Though high-income retirees are looking forward to lower taxes once they've exited the workplace, they can still expect to pay stealth taxes in the form of Social Security income levies and higher Medicare premiums.
"For a lot of retirees, the thinking is, Oh, they're retired and their tax bracket is going down," said William Reichenstein, professor emeritus at Baylor University.
He led a discussion on tax-efficient withdrawal strategies in retirement at the Financial Planning Association's annual conference in Chicago this week.
"Their tax bracket may go from 24 percent to 22 percent, but because of Social Security taxes, their marginal rate goes from 24 percent to 40.7 percent — it will increase sharply," he said.
That rate can jump to more than 46 percent after the reduced rates on individual income taxes expire at the end of 2025, he said.
Here's why lower income-tax brackets may not necessarily translate into a smaller tax bite overall.
Those payroll taxes may be history once you've stopped working, but remember that you're still facing a slate of additional levies.
For instance, there's the 3.8 percent net investment income tax, which is applicable if you have net investment income and a modified adjusted gross income that exceeds $200,000 if single or $250,000 if married and filing jointly. For married taxpayers who file separately, the applicable MAGI is $125,000.
There's also the capital gains rate you'll pay as you sell appreciated securities out of your taxable account: These are assessed at a top rate of 20 percent.
Aside from these levies, you also have taxes that apply in particular to retirees.
When it comes to Social Security benefits, whether you pay taxes on your benefits will depend on your "combined income."
That is, the sum of your adjusted gross income, nontaxable interest and half of your Social Security benefits.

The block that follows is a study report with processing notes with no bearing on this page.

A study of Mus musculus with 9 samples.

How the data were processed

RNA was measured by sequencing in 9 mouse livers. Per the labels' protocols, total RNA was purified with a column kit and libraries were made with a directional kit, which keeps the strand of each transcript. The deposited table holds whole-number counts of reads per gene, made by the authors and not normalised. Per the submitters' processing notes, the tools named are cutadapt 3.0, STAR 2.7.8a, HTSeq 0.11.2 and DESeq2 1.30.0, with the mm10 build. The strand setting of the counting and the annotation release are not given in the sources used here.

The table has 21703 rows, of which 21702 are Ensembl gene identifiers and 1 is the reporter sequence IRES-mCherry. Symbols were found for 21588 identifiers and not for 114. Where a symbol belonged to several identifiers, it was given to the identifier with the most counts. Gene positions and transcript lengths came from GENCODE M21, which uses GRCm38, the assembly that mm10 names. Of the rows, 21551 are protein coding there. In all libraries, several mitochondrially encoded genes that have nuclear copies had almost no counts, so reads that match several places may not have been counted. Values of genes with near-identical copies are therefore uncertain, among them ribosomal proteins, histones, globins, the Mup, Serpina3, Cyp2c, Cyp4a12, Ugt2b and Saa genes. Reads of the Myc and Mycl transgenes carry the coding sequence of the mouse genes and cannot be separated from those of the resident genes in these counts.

If you filed as single and your combined income is $25,000 to $34,000 (or $32,000 to $44,000 if you're married and filing jointly), you can expect to pay income taxes on up to 50 percent of your benefits.
For filers whose combined income runs over $34,000 if single or $44,000 for married and filing jointly, up to 85 percent of their Social Security benefits may be subject income taxes.
But that's not all.
High-income retirees can also expect to shell out more in monthly premiums for Medicare Part B (doctor's visits) and Part D (prescription drugs).
The standard Part B premium in 2018 is $134 per month. Whether you pay more will depend on your modified adjusted gross income — or your total adjusted gross income plus your tax-exempt interest income — from two years earlier.
"If your income rises one more dollar above the bracket, it could cause your premiums to rise," Reichenstein said.
In that sense, if your 2016 modified adjusted gross income exceeded $85,000 (single) or $170,000 (married and filing jointly), you can expect to pay higher premiums. See below.
The same goes for Medicare Part D premiums.
Given the volley of taxes that can hit retirees, financial advisors need to work with clients to evaluate which pots of money they should use first as they retire.
By having their savings spread across taxable accounts, tax-deferred accounts like your traditional IRA, your 401(k) or your 403(b) or tax-free accounts like your Roth IRA, retirees can manage their withdrawals and minimize the levies they pay.
Correction: This story has been updated to correct that the $125,000 modified adjusted gross income level for the 3.8 percent net investment income tax applies to married taxpayers who file separately.